Teenage angst and mood swings are par for the course in adolescence but how do you know when it’s something more serious? Here’s how to spot the difference.

It’s tough being a teenager. Navigating the path to becoming an independent adult is fraught with massive emotional and physical changes. This coupled with the frustration of not quite being a ‘grown up’ just yet can make this time a challenge.

With that in mind you might expect your teenager to be a bit moody from time to time. That’s just what teenagers do, right?

However, what should you do if you suspect there’s something more at play than the usual teenage angst? And how can you tell the difference?

One in five children and adolescents are affected by mental health problems and disorders with those aged 18 – 24 having the highest prevalence of mental disorders of any age group. With that in mind here are some things to watch out for.

What should I look out for?

Depression is more than occasional moodiness or sadness; it’s a serious condition that may make your teen feel irritable, sad and stressed most of the time.

beyondblue suggests that a change in behaviour could be an indicator that things are not right:

  • not going out anymore
  • not getting things done at work/ school
  • withdrawing from close family and friends
  • relying on alcohol and sedatives
  • not doing usual enjoyable activities
  • unable to concentrate
  • tired all the time
  • complaining of headaches or muscle pain
  • significant weight loss or gain
  • loss or change of appetite

You might also notice that your teenager has started to talk about themselves differently. Statements like “I’m a failure”, “nothing good ever happens to me” or “people would be better off without me” could be a cause for concern.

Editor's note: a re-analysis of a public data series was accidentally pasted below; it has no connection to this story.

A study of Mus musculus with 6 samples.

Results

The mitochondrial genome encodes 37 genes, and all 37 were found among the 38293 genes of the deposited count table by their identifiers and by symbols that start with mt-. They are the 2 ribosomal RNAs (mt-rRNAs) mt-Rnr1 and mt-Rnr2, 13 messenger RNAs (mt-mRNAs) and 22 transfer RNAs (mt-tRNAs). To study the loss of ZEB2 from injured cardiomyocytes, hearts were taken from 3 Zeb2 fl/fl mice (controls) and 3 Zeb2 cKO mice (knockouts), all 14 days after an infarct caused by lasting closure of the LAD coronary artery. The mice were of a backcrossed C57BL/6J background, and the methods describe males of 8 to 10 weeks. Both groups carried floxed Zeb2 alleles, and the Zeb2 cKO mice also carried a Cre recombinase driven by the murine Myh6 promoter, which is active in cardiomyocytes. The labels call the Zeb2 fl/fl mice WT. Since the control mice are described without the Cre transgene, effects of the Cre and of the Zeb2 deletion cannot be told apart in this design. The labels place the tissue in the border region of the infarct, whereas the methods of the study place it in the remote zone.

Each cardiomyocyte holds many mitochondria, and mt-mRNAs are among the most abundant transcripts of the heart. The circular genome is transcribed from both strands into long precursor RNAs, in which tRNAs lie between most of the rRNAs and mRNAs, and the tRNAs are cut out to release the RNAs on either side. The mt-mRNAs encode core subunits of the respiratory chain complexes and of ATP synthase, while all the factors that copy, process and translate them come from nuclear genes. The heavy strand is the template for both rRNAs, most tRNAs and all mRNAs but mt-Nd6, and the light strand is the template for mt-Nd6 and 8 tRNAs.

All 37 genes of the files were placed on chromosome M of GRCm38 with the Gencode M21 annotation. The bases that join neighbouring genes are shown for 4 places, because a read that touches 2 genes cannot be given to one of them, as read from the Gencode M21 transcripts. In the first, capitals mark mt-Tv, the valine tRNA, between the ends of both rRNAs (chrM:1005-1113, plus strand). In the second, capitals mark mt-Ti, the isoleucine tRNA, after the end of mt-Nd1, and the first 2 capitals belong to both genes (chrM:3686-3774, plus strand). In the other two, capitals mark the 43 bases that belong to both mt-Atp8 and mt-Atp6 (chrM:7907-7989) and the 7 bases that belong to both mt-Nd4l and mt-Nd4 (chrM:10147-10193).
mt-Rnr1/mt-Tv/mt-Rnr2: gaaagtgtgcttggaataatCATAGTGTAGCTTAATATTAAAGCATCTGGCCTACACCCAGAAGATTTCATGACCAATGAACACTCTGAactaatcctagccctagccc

I’m worried what should I do?

If you feel like your teenager is behaving in a way that might indicate that they are struggling with their mental health it’s best to act immediately and see your doctor. They can talk through what you’re seeing in your child, make an assessment and refer them for further treatment and support. You can also get immediate support from beyondblue’s support service on 1300 22 4636. Their trained mental health professionals can provide information and advice to help you seek further support.

It can also help to communicate with your teenager about how they are feeling. It is quite common for tension or conflict to develop when your teenager is feeling low and lines of communication may be broken.

How can I communicate with my teenager?

beyondblue outlines the following tips for creating a safe, communicative space for your child:

  • Be persistent. Continue to try and talk to your young person to find out what’s bothering them.
  • Reinforce the message that you care. Let your young person know that you’re concerned and are there to help.
  • Be understanding – even if you don’t agree or even quite comprehend where they’re coming from. This will help your young person feel validated.
  • Try to connect with your young person in the best way you can. This might mean involving other family members or friends who can help.
  • Change it up – if you feel you’re not getting anywhere, try a different approach. If you’re hard, try softer. If you’re soft, try be more firm.
  • Give your young person hope that there are solutions to their problems.